Woolworths is going down. A feature of high streets across the country, this British retail giant is the most recent victim of the ubiquitous credit crunch.
I first visited Woolworths on my second trip to England. I was 18, and visiting my boyfriend at Plymouth University. Knowing my penchant for candy, he took me in for a pick-n-mix. I was sold and my dentist was delighted. Since that day, Woolworths held a special place in my heart.
It wasn't a classy or upmarket shop, but it wasn't a dump either. It was a basic but reliable department store, readily available and reasonably priced. I recently read Bill Bryson's 'Notes from a Small Island', in which he discusses feeling some comfort in the consistency of certain British institutions found far and wide across the country. Woolworths fit this bill of broadened comfort zones. Sadly, it's soon to be a mere memory.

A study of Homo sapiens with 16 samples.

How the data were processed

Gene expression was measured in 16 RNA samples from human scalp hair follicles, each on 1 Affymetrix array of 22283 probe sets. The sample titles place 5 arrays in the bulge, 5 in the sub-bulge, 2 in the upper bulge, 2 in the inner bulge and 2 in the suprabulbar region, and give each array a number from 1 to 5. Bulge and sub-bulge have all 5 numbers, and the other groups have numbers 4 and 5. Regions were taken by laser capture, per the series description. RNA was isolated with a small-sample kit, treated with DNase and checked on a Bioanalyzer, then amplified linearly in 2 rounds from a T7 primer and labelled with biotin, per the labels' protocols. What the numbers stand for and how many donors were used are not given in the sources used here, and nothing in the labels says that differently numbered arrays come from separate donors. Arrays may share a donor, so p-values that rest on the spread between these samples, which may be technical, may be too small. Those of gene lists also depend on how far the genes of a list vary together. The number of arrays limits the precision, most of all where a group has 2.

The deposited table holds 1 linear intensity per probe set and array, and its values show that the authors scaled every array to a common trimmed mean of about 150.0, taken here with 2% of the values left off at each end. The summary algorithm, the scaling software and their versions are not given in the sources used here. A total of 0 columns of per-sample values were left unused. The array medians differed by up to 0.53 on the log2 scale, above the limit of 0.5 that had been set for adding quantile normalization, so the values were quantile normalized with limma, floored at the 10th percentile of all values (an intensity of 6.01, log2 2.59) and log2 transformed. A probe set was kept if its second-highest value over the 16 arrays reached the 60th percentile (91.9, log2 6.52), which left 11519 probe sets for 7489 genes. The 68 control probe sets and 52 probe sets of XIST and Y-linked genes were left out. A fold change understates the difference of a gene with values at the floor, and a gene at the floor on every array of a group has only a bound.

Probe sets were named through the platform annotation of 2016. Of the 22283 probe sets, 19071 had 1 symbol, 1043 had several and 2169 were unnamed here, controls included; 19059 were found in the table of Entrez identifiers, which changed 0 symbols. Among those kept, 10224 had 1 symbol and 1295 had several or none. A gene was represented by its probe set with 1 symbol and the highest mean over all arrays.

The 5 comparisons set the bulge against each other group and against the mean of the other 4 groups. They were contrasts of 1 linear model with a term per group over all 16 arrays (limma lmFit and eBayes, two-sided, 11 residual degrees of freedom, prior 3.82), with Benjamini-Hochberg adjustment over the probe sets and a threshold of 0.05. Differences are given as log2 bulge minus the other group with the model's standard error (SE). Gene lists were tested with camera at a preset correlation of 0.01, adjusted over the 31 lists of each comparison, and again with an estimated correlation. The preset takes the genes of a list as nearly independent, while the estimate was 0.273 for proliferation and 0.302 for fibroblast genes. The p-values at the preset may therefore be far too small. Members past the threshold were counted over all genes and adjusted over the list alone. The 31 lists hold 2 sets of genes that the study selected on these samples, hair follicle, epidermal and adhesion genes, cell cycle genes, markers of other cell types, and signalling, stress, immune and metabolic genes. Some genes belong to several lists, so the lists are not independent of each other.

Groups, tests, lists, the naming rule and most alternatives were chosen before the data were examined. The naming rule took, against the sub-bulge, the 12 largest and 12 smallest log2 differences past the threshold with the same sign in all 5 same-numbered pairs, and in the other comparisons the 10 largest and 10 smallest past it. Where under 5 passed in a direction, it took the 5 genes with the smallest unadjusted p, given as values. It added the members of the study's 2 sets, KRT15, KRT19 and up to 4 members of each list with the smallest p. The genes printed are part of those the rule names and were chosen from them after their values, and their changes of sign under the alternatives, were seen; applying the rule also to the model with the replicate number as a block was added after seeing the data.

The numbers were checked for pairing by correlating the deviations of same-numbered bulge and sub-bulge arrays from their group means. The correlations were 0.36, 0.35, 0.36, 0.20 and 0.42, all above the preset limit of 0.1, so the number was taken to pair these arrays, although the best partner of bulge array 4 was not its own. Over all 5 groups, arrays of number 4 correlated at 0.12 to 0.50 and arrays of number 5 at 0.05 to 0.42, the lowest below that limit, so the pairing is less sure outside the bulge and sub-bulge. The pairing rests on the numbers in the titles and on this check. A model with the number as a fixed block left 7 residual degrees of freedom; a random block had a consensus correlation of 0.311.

The papers report scenes of vultures ravaging a haggard carcass as a cross-country movement of shoppers descend to reap the rewards of discounted goods. One shopper, clearly one of my kindred spirits, bemoaned the loss of the pick-n-mix. Some people cried outrage. Others sought a good deal, and didn't care beyond that. I took a trip down to my local Woolworths to check out the damage....and my reaction was one of solidarity with Bill.
What's to come of this large building on my high street? Is another Tesco or cheap outlet shop on the way? Maybe I'm jumping to conclusions here, and they'll turn the whole two story building into a beautiful book store, or toy shop. I keep my fingers crossed that a contemporary urban blemish is not around the corner, but my faith is not too high after seeing a fantastic old cinema on the South Circular with Roman pillars and tall doors converted to Weatherspoons pub. I mean, really? I'm not for the Urban Pick-n-Mix. Keep it traditional, or get a decent urban planner!